Pymatuning Lake is located in the northeast corner of Pennsylvania, and part of it spills over into Ohio. I know this first hand, because even though we went with a local, we missed the turn to Linesville and skirted the western shore of the lake on the Ohio side before crossing over on a causeway to the Spillway.
It was a chilly November day when we were there, but I can just imagine how beautiful and busy the lake is in the summer. Even though the lake is large, there is a 20-hp motor limit for boats, which must make it a very laid-back and relaxing place to visit in the summer. As described in the Pennsylvania State Park website:
Almost everything about Pymatuning State Park is huge. At 21,122 acres, it is one of the largest state parks in the Commonwealth. The 17,088-acre Pymatuning Reservoir is the largest lake in the Commonwealth. In its three campgrounds, Pymatuning has the most campsites in the Pennsylvania state park system. More people visit Pymatuning than almost any other state park in Pennsylvania. But the biggest thing about Pymatuning is the fun you can have boating, fishing, swimming, camping and enjoying other recreational opportunities. In addition to the state park facilities, the Pennsylvania Fish and Boat Commission operate a fish hatchery and visitor center, and the Pennsylvania Game Commission has wildlife viewing areas and a learning center.The spillway area is beautifully developed with a concessionaire (not open while we were there), and great parking areas and walkways. Feeding the seagulls is almost as popular as feeding the fish.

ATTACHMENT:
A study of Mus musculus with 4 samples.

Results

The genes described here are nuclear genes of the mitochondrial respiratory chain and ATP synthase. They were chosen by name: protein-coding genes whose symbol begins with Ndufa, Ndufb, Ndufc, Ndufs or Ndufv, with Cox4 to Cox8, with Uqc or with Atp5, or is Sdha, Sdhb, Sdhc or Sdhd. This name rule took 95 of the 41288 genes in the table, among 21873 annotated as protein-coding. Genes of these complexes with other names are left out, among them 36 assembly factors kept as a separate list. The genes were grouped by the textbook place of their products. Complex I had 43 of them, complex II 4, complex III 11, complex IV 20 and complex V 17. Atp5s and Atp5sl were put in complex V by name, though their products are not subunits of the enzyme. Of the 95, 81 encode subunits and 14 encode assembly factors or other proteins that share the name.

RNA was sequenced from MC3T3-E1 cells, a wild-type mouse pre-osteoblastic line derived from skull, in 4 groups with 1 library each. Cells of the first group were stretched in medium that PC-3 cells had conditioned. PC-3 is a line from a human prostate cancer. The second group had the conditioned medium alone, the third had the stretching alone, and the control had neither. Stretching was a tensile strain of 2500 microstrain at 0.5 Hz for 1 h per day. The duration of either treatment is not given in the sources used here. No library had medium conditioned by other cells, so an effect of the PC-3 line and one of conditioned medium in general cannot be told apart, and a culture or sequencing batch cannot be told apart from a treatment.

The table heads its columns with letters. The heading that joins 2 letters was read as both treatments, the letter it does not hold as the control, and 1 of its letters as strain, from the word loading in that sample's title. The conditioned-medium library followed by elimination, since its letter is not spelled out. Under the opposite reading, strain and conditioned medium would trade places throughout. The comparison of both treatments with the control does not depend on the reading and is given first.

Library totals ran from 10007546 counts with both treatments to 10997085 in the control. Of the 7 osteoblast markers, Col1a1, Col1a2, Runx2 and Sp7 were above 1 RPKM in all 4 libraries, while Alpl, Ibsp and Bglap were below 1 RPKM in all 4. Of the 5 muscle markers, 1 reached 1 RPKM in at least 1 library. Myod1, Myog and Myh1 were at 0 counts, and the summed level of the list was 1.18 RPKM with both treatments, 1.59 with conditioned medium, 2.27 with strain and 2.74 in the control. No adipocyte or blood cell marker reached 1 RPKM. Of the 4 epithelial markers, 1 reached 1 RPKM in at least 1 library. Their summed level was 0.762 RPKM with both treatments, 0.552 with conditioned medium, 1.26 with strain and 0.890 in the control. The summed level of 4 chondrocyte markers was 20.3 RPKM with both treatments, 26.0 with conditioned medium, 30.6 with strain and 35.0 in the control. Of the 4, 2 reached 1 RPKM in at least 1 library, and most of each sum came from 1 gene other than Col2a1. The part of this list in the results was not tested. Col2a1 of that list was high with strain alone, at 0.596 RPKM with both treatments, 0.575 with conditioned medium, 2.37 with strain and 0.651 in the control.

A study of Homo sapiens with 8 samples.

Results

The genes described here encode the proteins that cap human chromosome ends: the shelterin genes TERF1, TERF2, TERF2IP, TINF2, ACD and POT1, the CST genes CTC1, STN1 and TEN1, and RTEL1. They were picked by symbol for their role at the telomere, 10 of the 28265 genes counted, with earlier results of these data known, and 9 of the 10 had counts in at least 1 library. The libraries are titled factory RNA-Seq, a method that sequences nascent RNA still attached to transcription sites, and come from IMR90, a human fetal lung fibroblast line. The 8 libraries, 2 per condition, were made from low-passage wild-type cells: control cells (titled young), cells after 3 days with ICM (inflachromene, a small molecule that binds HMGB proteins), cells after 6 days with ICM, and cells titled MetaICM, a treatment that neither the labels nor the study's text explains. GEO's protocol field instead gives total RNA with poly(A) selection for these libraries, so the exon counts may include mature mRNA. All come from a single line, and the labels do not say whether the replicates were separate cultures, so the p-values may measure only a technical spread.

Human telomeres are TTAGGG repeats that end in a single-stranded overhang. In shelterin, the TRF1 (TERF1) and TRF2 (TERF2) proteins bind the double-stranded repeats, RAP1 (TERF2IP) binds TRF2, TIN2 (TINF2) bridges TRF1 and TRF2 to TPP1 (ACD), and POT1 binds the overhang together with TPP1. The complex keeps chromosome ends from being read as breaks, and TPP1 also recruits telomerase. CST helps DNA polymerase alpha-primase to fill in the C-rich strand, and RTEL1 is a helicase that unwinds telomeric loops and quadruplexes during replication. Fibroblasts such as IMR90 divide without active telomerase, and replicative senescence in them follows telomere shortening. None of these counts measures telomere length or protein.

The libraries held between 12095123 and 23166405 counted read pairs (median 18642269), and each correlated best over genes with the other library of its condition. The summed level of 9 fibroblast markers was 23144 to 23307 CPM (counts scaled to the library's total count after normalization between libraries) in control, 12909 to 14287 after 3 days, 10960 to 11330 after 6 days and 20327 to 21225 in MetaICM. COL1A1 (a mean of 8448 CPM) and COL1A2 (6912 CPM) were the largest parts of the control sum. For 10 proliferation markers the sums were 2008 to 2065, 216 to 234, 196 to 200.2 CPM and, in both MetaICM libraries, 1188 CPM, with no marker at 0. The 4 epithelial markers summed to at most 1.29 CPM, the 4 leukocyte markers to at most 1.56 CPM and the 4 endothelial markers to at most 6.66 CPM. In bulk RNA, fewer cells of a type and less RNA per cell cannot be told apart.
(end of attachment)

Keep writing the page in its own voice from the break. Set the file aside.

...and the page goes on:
Pymatuning lake was originally built after a disastrous flood in 1913 to control the water, but it has since become a haven for fish, wildlife and birds. The spillway separates two portions of the lake. It's hard to describe because I don't understand the mechanics behind it, but the water flows over into the bowl, which is filled with fish.
And ducks, too, of course. After all, how could you have a place where the ducks walk on the fish without the ducks?
When the concession is open, they sell bread there, but it wasn't open on the day that we were there. Although we didn't bring any bread, fortunately for us, there were other people who had, and we got to watch the antics of the seagulls, ducks, and the carp devouring the bread that was thrown. Did I mention carp? Millions of carp, I swear!
Click on the video below so you can see the frenzy that is created when bread is thrown. First the ducks, then the seagulls, and last of all, the carp.
While we didn't observe any ducks walking on the carp while we were there, it was easy to see that they could have if they had wanted to.
Everywhere you look, the fish are just begging to be fed! It is well worth a visit, and while you're in the area, be sure to visit some of the other attractions at the great communities of Crawford County, Pennsylvania.
According to what I read, more than 300,000 people visit the Linesville area each year to feed the fish. What an incredible example of making the most out of what you have. Figure out what makes you unique, that people can't get anywhere else (really, do think there is anywhere else like this?), then market that! The resulting visitors will benefit all of the other area attractions.
It was a great side trip, and had it been in the summer, would have been a great place to rent a cabin and stay for a few days exploring.
Thanks for stopping by. The coffee is always on.